January 24, 2012
by Michael R.
The snow conditions in Denali are highly variable, from not enough snow in the early season, to windblown hard pack, to no snow at all in the places where the wind blew it dry, to dry snow that doesn't compact and feels bottomless if you step off your sled. My sister who lives in Lake Tahoe, sometimes complains about having to shovel snow , even though she is in the snow-removal business. They get upwards of 200 inches of snowfall annually, most of it wet and heavy (nicknamed, Sierra Cement) as the storms come off of the Pacific Ocean. Being in the dry, cold Alaskan Interior, our snow is light in comparison, but we often don't get as much as Lake Tahoe- annually about 80 inches. I joke with her about the fact that I don't have to shovel snow here in the white north, I sweep it!
And I am not the only one who sweeps that light snow around. Here, on the edge of the Alaska Range, we get winds from all directions that will blow a foot of fresh snow away quicker than you can make a snow angel in it. It always amazes our winter visitors to see some of the lower mountains blown bare to brown rock in the middle of winter (this of course is good for the Dall Sheep who can get to their food!). Some of that snow sublimates as it is blown into the air, and the rest gets caught in the willows, alders, swales, and forest edges, often settling in deep drifts. These conditions pose a challenge for Denali mushers to maintain packed, thin, ribbons of snowy trail where we want to run our dogs. But if we can get the trails put in well, when the wind blows the tundra bare we still can move across the tussocks with ease, or when a big storm drops five inches of fresh powder, the dogs can still feel where the trail was before.
And this is where dog mushing can be a drag- maintaining our winter trails. Our sleds are designed as toboggans to "float" on top of the snow for ease of pulling for the dogs. However, when the sled rides high in the deep snow, it does not compact the lower layers of snow. A dog team or two with sleds behind them will thus only lightly compact a trail, unless the trail is used very often, which can disappear with the movement of moisture out of the snowpack during extreme cold. Even if it is a well compacted trail, it ends up being only about as wide as the sled. This is barely enough room for two dogs to run side by side, so some dogs end up pushing their team partner off the trail into the deep snow on the sides ( I won't mention names. Ahem, Pyro ). One solution to maintaining good, wide trails is using snowmobiles. Outside the Wilderness area of Denali NP, mushers have found it a very effective technique that packs the snow in wide swaths. However, since snowmobile use is not allowed in Wilderness, we had to think outside the box to both stay true to maintaining the primeval character of the heart of Denali and to improve our trails.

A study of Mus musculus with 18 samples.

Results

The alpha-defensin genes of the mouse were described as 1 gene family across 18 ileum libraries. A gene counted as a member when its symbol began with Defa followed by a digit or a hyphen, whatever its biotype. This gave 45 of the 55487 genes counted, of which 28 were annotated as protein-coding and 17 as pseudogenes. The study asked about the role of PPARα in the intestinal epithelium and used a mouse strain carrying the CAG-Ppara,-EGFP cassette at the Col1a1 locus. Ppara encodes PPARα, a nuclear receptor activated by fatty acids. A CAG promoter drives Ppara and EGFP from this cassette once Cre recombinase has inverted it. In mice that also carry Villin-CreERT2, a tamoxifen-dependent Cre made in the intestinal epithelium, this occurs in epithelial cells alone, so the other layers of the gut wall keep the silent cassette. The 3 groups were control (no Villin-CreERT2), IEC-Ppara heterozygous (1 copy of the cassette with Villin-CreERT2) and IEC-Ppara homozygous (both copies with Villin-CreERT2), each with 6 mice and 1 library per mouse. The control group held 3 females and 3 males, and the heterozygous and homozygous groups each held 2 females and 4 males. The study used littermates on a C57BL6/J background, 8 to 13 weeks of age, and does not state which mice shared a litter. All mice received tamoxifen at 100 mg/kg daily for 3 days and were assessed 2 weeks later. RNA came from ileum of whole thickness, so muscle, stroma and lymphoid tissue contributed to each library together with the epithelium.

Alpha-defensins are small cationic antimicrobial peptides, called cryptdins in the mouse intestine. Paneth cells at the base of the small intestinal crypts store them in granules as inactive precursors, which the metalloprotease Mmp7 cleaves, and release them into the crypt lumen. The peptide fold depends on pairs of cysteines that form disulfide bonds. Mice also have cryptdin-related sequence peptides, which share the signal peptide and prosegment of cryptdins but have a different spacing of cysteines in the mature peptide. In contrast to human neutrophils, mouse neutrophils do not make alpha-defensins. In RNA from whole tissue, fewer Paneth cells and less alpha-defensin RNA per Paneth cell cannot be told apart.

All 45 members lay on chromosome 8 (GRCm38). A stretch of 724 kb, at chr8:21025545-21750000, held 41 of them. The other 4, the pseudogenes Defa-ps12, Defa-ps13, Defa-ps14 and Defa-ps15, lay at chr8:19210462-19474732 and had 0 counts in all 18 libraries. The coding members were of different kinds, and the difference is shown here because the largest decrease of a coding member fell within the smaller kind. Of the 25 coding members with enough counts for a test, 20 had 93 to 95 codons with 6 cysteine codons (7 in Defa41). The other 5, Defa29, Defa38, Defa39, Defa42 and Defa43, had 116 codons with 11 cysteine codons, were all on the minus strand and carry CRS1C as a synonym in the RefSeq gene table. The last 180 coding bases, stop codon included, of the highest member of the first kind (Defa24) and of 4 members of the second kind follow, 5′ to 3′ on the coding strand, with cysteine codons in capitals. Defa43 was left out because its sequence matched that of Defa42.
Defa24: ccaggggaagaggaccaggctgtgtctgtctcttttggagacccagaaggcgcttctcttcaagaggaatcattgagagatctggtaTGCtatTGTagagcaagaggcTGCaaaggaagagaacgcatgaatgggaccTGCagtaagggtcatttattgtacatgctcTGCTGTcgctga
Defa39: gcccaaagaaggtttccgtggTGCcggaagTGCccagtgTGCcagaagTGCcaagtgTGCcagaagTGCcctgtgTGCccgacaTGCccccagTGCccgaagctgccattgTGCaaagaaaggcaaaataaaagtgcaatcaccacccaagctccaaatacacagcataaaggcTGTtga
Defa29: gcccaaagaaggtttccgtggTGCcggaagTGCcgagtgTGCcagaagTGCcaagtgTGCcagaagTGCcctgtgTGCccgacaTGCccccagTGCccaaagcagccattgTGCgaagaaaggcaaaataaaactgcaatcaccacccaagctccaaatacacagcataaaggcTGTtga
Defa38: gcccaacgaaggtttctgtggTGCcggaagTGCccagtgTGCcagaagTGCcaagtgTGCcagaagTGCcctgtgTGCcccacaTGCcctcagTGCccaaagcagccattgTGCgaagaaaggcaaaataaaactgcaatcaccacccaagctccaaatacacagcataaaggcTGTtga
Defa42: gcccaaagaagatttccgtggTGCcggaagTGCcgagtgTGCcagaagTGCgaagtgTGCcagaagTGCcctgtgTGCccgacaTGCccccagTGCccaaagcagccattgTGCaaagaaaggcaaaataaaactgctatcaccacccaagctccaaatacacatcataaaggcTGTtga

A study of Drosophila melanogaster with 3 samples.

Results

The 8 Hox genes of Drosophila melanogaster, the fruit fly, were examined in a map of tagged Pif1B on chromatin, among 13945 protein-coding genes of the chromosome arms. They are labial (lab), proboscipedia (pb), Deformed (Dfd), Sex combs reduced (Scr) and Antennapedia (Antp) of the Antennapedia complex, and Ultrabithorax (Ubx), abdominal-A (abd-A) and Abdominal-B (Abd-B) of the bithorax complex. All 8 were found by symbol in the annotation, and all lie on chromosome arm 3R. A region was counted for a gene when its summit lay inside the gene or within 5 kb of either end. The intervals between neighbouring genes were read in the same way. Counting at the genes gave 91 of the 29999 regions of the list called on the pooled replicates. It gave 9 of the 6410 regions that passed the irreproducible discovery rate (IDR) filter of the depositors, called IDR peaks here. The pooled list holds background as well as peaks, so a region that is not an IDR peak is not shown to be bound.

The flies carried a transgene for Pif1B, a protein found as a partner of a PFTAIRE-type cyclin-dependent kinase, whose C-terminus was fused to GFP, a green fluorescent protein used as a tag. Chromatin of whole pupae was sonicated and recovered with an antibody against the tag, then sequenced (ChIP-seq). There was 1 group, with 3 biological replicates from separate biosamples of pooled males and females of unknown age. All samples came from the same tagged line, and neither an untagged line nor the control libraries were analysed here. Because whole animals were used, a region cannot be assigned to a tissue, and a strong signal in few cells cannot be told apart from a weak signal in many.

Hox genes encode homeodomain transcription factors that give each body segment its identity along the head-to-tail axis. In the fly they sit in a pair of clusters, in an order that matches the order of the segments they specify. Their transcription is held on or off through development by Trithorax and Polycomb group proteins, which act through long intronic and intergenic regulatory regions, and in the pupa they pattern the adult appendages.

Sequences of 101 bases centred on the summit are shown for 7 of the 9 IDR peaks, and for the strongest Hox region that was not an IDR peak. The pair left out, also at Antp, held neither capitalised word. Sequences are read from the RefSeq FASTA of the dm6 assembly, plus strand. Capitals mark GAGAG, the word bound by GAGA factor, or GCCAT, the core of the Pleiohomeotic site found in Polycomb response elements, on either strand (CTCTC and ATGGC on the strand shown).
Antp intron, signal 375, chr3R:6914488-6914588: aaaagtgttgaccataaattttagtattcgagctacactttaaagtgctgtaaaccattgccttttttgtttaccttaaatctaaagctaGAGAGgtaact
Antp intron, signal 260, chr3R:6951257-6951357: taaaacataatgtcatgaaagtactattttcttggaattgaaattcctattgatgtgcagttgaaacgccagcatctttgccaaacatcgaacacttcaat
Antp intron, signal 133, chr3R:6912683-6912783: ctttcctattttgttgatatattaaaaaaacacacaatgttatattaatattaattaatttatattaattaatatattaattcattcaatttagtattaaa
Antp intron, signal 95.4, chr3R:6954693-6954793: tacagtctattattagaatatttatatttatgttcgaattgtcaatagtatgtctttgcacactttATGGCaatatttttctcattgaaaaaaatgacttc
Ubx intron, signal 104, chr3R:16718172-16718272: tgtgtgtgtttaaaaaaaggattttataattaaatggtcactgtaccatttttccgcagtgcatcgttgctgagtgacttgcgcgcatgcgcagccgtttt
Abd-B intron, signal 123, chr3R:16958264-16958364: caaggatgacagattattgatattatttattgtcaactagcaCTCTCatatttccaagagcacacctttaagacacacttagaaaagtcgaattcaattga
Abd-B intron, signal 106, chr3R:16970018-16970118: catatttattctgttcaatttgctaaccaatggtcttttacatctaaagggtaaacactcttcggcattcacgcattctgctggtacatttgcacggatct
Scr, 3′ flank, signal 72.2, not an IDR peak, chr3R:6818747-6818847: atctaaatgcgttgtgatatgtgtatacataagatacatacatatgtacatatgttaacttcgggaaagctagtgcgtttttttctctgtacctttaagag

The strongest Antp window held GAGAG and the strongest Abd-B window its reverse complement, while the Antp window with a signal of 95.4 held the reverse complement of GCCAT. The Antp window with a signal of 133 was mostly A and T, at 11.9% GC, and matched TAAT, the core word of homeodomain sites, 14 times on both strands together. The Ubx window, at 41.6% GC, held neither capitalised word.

I have worked for other mushers that are very trail savvy, and let's say, particular about their mushing trails. Their attention to detail makes sense, as a good trail will protect the dogs from fatigue and potential injury if they were to get knocked off the trail by the dog next to them. Several mushers I know like to drag a groomer behind their snowmobiles to further widen and pack the trail.I started thinking, why not drag something behind our dog teams and gain the same benefit? So I designed a simple groomer from a three foot square piece of flat, expanded metal, a piece of old metal pole, and some chain and rope. The expanded metal acts like a cheese grater, grinding up the fluff of the snow, breaking it down, and allowing the bits to fall back through. The pole, which is attached horizontally with the chain at the far end, smoothes out the broken-down snow on the trail evenly while also packing the snow a little and helping to keep the trail mostly level.
The next question became, would my groomer scheme work? Earlier this year after we got a few inches of snow, Pyro and I gave it a shot. I thought, I'll put Pyro in harness, have him pull, and I'll steer the groomer from the back. It was a success on the downhill for a half mile or so, but on the way back uphill I ended up doing more than half the pulling! With the first pass over the snow in, I thought a second pass might be easier, so again I tried a single dog, this time Nuna. It was easier going, but it was apparent that more power would make it even easier. So the next time we took a team out, the groomer came with us. Success! At least pulling it seemed to work well.
Time would tell whether it would produce the desired effect of a compact, slightly wider trail. Almost two months later, a notoriously hard-to-maintain section of our Spring Trail, is almost too easy for the dogs to follow. It is obvious at a break when they flop off to roll in the snow where that trail is solid and safe and where it hasn't been groomed.
So indeed, sometimes mushing can be a drag, but only if you are dragging a trail groomer. The rest of the time it only depends on your perspective in life.